Eragon is a normal kid in an abnormal world where dragon riders once existed and an evil king now reigns. While hunting, Eragon finds a hard rock in the Spine and brings it home hoping he can sell it to help his family. Except the rock hatches in to a dragon and he becomes a rider, bringing back an old tradition. The king wants the dragon and sends Ra'zoc, which kill part of his family and force Eragon on a journey to keep his dragon safe. Fortunately he has local tale-teller Brom with him who has seen a lot in his days and can help keep Eragon safe.
The result is a fairly long journey to find allies and the mysterious Varden, who are fighting against the king. Not surprisingly, this brings lots of fighting, imprisonment, and battles. The book is a fairly large one so I thought a lot of ground would be covered and we'd get in to some action with the king but that didn't happen. While I had no problems getting through the book, looking back on it I feel like not much happened. There was a lot of walking through the forest and some fighting. There were a lot of questions asked and not many answered. This was probably the most frustrating part of the books. The mysteries that were easy to figure out for yourself were identified and those, such as why Eragon saw Arya, were questioned and then never resolved.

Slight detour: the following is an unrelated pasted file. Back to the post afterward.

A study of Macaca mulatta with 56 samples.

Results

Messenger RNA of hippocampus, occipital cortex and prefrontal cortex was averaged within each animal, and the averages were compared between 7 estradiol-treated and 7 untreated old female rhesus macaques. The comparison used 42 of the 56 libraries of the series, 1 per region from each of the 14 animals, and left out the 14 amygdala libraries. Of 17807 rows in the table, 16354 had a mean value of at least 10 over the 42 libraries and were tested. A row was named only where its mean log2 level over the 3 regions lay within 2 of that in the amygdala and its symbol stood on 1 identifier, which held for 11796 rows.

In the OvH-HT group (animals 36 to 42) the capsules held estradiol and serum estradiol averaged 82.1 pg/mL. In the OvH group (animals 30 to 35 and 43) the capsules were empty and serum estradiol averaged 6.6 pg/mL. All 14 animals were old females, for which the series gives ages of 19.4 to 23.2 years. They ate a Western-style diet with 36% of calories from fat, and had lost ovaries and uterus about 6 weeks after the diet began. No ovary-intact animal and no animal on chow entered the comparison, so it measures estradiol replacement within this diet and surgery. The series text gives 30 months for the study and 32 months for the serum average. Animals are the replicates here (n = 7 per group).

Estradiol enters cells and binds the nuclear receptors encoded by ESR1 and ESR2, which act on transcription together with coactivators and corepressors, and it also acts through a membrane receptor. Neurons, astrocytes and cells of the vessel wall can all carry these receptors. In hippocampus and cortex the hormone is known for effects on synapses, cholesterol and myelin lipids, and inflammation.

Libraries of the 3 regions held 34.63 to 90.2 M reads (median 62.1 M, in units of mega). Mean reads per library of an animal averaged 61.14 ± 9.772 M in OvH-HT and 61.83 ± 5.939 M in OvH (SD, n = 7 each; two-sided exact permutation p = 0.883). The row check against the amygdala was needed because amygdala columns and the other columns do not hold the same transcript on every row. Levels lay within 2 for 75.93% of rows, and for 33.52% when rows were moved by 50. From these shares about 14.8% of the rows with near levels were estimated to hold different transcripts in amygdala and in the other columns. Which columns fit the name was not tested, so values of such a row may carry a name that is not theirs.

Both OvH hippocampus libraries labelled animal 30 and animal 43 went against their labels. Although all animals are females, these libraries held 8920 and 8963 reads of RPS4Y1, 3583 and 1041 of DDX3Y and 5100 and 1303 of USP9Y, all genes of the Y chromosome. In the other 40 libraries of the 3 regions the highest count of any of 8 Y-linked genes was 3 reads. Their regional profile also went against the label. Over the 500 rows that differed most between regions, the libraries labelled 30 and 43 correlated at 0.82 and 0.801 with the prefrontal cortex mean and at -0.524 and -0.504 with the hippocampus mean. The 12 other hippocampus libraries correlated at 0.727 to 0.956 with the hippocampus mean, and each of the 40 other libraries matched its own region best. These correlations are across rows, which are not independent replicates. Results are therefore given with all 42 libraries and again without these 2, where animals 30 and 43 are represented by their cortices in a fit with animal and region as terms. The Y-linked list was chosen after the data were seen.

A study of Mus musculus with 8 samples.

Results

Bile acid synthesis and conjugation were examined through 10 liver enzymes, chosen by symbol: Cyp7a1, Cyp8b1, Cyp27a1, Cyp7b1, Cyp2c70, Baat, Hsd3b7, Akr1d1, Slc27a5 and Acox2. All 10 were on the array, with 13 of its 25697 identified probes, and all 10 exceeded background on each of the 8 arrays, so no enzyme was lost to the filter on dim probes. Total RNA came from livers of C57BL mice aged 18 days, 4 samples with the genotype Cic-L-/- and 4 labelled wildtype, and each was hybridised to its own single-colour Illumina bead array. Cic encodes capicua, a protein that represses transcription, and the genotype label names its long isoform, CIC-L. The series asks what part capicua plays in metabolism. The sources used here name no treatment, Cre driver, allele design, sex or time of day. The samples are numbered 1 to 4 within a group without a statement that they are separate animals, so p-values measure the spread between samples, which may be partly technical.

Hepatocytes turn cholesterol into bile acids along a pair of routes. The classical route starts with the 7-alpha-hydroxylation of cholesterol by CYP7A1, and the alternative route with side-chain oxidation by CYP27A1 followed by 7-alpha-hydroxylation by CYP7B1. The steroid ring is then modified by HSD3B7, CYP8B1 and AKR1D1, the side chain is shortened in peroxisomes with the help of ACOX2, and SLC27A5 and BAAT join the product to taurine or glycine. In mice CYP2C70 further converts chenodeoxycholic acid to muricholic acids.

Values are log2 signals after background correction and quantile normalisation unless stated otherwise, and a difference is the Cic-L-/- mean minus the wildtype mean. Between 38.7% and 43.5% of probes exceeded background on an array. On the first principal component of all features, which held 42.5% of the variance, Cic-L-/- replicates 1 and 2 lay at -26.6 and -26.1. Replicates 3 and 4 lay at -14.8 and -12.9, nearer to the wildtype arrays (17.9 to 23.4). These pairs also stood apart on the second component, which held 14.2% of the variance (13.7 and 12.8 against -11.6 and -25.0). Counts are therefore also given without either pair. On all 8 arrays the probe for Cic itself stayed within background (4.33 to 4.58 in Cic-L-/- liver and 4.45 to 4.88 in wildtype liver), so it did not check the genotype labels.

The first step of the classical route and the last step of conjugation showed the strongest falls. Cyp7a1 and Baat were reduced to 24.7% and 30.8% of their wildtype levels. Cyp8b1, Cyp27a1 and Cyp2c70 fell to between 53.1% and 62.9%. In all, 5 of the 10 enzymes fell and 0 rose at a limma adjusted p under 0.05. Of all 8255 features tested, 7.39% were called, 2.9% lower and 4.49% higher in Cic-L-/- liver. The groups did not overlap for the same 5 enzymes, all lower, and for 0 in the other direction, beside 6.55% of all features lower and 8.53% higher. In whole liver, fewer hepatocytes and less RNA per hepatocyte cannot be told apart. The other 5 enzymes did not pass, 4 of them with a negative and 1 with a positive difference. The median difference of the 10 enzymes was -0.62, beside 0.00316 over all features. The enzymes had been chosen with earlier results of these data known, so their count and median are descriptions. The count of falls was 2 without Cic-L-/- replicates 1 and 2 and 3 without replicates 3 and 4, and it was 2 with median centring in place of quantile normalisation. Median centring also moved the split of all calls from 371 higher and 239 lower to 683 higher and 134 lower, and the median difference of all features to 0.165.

With the book being so long, you would think there would significant character development. Eragon and Saphira, the dragon, are the centre of this book but I don't really feel like we learned much of who Eragon is. We know his past and who he was raised by but don't really know what makes him tick. I felt more connected to Brom, though I'm not entirely sure why.
Despite the problems this book has, it did capture my interest and keep it for the length of the book. I do have the second in the series so I'll read it and determine from there whether I want to continue on to the last book.
First Line: "Wind howled through the night, carrying a scent that would change the world."